Blueberry plants are stunted and not developing
There are 2 main species of blueberries that can be grown in the Piedmont: highbush (Vaccinium corymbosum), and rabbiteye (V. ashei). Rabbiteye is more drought and heat tolerant than highbush, but they require cross-pollination by a different rabbiteye variety in order to maximize yield.
For optimum growth, blueberries require a pH of 4.8 to 5.0. A pH outside that range is usually indicated by stunted growth. Blueberries require full sun; less than full sun will manifest in spindly growth and will reduce harvest. Blueberries must have excellent soil drainage; if the water remains in the soil too long, the chances of a root rot infection quickly increase. Sandy soil with organic matter greater than 2% leads to optimum growth. To modify soil where a blueberry plant is already planted, do not dig around the plant. Blueberries grow shallow roots that can be destroyed by disturbing the soil. Instead, on a heavy clay soil or a soil that sometimes remains too wet, apply a mix of peat moss with an equal amount of sand on the soil surface to the drip line of the plant. Yearly applications of peat moss, well-decayed pine sawdust, pine chips or pine bark will improve plant survival and growth; however, this mulch should never be more than 3 to 4 inches deep. Correctly mulched, blueberries will enjoy the results in more uniform soil moisture and reduction in soil temperature. Blueberries are easily damaged by excess fertilizer; apply only the recommended amount from a soil test report in 2 applications, allowing 4 inches of rain or irrigation water to fall between applications. The state provides free results to soils tests until November 1st. https://www.ncagr.gov/agronomi/uyrst.htm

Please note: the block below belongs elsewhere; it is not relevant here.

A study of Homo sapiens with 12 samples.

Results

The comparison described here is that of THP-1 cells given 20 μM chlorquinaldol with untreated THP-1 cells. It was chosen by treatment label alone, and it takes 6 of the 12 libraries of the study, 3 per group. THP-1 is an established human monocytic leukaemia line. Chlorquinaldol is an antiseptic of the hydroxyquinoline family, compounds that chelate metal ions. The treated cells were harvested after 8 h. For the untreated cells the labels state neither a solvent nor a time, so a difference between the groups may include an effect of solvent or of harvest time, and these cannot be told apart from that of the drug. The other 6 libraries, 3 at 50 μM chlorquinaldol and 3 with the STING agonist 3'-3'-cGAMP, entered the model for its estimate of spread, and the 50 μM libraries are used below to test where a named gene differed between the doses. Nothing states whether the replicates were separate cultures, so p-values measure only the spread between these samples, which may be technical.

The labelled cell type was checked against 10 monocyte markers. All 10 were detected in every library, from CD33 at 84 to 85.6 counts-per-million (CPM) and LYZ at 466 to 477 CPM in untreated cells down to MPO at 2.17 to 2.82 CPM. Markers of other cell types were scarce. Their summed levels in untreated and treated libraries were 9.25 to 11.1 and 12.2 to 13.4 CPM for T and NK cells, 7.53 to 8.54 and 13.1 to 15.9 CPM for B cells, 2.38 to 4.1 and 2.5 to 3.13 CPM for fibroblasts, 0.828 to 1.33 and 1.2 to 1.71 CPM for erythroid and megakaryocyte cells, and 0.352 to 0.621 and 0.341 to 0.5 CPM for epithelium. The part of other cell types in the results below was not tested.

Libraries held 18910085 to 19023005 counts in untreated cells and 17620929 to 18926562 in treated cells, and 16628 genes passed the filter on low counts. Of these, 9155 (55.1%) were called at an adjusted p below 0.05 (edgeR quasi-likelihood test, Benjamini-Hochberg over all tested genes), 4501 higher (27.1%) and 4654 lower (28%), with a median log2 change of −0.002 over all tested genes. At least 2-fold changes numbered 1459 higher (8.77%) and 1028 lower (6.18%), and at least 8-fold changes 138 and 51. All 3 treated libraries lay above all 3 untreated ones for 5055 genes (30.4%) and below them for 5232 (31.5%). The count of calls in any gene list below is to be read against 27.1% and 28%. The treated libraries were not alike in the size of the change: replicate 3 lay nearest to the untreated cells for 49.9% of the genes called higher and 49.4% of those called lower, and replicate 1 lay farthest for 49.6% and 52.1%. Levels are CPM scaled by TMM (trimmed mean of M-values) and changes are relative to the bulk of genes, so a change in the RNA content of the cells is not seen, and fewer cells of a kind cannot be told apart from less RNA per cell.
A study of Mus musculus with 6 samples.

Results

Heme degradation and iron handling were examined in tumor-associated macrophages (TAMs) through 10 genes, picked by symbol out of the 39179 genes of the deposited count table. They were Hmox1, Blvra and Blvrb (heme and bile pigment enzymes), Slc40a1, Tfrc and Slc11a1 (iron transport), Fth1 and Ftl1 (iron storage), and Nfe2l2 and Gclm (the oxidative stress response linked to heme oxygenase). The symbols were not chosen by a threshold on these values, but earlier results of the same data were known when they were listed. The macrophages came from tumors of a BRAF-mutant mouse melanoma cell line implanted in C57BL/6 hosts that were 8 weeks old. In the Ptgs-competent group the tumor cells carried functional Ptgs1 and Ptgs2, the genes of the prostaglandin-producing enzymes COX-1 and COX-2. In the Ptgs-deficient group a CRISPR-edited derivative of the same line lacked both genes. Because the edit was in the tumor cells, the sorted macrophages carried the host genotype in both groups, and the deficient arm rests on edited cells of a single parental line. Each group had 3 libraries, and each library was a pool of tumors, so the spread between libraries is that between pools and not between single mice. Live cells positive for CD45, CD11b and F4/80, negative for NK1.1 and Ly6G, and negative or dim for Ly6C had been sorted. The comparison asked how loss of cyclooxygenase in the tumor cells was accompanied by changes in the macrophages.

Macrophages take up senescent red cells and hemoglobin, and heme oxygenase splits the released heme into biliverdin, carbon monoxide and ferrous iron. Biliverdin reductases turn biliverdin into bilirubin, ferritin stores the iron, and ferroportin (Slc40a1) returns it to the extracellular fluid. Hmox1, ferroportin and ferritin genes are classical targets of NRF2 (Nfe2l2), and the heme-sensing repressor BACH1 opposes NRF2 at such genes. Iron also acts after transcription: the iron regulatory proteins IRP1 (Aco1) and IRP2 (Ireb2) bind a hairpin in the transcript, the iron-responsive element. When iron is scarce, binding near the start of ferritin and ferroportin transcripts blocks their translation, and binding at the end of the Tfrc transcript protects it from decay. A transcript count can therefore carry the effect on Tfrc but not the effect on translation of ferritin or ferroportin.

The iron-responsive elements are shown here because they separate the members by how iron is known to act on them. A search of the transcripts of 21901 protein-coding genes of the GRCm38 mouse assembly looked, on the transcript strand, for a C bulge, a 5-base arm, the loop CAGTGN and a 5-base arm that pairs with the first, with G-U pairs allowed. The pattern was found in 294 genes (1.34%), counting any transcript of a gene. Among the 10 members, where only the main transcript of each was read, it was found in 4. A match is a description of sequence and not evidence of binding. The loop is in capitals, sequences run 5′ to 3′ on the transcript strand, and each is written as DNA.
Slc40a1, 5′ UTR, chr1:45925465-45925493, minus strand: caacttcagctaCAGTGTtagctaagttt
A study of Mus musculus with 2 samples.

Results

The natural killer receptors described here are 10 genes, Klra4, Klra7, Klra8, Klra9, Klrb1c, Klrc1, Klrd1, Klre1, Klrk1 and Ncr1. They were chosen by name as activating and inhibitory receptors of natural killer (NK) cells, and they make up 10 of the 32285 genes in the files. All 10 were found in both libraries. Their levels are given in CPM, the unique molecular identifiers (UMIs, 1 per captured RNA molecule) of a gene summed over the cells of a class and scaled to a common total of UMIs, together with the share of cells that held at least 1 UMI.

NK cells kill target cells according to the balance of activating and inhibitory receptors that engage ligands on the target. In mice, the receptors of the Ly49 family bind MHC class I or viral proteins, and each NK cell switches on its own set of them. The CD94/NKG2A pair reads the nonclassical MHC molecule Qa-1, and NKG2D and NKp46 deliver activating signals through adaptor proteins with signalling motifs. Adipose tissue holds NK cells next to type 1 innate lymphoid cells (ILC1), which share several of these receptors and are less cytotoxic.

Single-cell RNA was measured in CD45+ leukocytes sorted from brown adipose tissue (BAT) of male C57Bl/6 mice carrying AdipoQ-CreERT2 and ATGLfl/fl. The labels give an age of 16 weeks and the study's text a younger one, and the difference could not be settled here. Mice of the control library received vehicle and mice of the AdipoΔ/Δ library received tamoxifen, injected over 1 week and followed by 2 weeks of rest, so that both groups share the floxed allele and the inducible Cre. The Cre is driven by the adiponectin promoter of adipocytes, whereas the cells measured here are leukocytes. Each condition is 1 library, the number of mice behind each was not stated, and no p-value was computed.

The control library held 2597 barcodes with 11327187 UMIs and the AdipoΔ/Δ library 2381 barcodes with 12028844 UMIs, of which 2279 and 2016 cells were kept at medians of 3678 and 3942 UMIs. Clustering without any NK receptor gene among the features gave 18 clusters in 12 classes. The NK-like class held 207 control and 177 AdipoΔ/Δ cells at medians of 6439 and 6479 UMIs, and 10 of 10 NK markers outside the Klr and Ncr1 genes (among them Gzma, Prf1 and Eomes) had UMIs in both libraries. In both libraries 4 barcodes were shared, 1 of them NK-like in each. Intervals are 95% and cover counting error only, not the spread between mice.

A home pH tester isn't accurate enough to advise on what the pH actually is, but quick changes to pH are especially not good for blueberries. Based on the information provided, you should check your blueberry's growing environment, obtain the results of a soils test to more accurately assess the soil your plant is growing in and take measures as recommended therein. Above all, go slowly. Plants don't respond well to quick changes and our care of them should be equally gentle and patient.
Thank you that is very helpful. I am submitting a soil test. I just picked up the boxes. Do I have to mail them back? Man I drop them off and if so, where can I drop them off?
Physical drop-off is at the North Carolina Department of Agriculture & Consumer Services Agronomic Lab in the Eaddy Building, 4300 Reedy Creek Road, Raleigh. To help limit the spread of COVID-19, public access to the Eaddy Building is restricted. Clients can drop off samples on the loading dock. If you have any questions about laboratory operations during the COVID-19 pandemic, you can call their office at 919-733-2655.